Page last updated at 15:16 GMT, Wednesday, 14 January 2009

Sudan admits Darfur rebel bombing

Darfur rebels
Rebels in Darfur have splintered into a confusing array of rival factions

Sudan's military has admitted carrying out a wave of bombings in the Darfur region on Tuesday.

An army spokesman said they had targeted rebels who had failed to back the ceasefire announced in November.

The BBC's Sudan correspondent says it is highly unusual for the military to admit aerial attacks in Darfur.

It comes amid renewed tension over whether the International Criminal Court will charge Sudan President Omar al-Bashir for war crimes in Darfur.

Sudan's government has always rejected charges that it armed the Janjaweed militias accused of widespread atrocities against civilians in the region.

A commander from the rebel Justice and Equality Movement (Jem) confirmed that government planes carried out the attack, around the southern Darfuri town of Muhajiriya.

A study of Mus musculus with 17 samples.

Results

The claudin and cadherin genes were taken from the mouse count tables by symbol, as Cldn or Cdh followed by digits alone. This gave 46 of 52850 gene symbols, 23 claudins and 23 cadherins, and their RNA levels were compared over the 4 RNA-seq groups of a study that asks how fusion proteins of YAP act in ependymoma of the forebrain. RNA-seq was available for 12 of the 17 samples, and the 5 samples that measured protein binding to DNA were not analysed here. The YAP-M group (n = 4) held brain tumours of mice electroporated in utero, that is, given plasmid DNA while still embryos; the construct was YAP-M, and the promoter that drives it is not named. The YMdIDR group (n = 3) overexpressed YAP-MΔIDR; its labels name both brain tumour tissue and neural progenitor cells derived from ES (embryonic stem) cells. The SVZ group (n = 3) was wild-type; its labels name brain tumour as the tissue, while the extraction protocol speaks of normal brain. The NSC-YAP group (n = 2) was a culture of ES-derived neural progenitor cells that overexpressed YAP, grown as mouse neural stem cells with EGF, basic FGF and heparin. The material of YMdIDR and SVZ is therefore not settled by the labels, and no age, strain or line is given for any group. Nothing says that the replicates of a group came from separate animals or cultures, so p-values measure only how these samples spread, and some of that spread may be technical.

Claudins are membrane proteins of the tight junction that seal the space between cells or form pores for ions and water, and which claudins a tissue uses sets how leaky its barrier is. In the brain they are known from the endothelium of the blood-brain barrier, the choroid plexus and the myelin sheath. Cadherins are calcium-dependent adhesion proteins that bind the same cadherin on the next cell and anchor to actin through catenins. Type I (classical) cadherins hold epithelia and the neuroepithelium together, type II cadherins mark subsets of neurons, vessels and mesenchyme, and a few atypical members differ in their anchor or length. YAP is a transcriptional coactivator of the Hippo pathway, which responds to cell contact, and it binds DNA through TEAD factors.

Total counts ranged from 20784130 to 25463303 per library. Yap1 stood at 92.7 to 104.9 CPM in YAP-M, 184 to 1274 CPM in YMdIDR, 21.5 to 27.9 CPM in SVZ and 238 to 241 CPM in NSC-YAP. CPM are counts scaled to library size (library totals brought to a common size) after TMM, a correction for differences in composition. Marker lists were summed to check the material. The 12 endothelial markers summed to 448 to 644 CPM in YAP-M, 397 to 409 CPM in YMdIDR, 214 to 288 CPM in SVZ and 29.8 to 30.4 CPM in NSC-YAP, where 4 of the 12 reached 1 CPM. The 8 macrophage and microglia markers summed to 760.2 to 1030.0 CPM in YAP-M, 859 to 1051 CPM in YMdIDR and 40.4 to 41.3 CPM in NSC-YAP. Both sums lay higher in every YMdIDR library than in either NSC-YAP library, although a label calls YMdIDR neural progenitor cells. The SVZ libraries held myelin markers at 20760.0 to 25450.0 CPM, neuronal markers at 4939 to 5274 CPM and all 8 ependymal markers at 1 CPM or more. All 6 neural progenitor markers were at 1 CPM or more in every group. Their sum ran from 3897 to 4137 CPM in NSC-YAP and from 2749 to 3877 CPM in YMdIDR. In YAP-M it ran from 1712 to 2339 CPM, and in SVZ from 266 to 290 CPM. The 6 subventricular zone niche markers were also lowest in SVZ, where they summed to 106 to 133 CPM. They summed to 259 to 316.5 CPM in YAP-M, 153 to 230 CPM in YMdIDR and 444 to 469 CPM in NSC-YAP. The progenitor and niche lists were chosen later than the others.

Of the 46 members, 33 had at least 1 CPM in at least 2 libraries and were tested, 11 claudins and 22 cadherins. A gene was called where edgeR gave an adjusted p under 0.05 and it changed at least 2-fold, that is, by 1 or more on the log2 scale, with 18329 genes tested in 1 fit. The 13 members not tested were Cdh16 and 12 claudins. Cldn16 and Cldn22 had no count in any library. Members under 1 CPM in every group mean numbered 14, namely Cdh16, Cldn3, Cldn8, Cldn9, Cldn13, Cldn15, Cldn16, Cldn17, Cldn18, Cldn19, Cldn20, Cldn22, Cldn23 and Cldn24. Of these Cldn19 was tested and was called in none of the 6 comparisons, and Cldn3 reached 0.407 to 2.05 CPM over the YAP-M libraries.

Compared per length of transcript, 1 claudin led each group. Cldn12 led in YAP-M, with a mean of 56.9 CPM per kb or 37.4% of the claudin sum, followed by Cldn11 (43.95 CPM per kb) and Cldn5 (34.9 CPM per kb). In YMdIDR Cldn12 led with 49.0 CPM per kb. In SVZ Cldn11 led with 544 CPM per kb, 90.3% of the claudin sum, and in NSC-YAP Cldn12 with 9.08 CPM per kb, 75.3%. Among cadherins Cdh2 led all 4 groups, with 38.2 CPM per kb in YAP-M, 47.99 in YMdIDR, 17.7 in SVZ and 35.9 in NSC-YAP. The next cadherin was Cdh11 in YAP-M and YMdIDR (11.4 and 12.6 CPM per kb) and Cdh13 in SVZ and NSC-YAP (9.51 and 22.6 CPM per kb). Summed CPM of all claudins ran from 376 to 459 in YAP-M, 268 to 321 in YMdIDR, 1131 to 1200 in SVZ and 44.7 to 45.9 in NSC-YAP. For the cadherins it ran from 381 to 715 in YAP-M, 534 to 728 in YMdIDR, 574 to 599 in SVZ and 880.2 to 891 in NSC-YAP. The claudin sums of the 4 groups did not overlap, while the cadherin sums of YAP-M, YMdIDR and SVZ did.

In a statement, a military spokesman said the army had bombed the area to protect civilians living there.

Senior government officials say they have intelligence to suggest that Jem will launch a series of attacks ahead of an International Criminal Court (ICC) ruling, the BBC's Amber Henshaw in Khartoum reports.

Judges at the ICC in The Hague are expected to make a decision about issuing an arrest warrant for Mr Bashir by the end of the month.

The government has warned an arrest warrant could lead to an escalation of the Darfur conflict because it may embolden rebel groups in the region.

On Tuesday, Hillary Clinton - who is to become the next US secretary of state after Barack Obama is inaugurated as president next week - said the US was considering creating no-fly zones over Darfur.

The UN estimates that up to 2.7 million people have been forced from their homes in Darfur and some 300,000 have died during nearly six years of conflict.

So far only half of the 26,000 troops authorised for the joint United Nations and African Union peace force have been sent to the remote region, the size of France.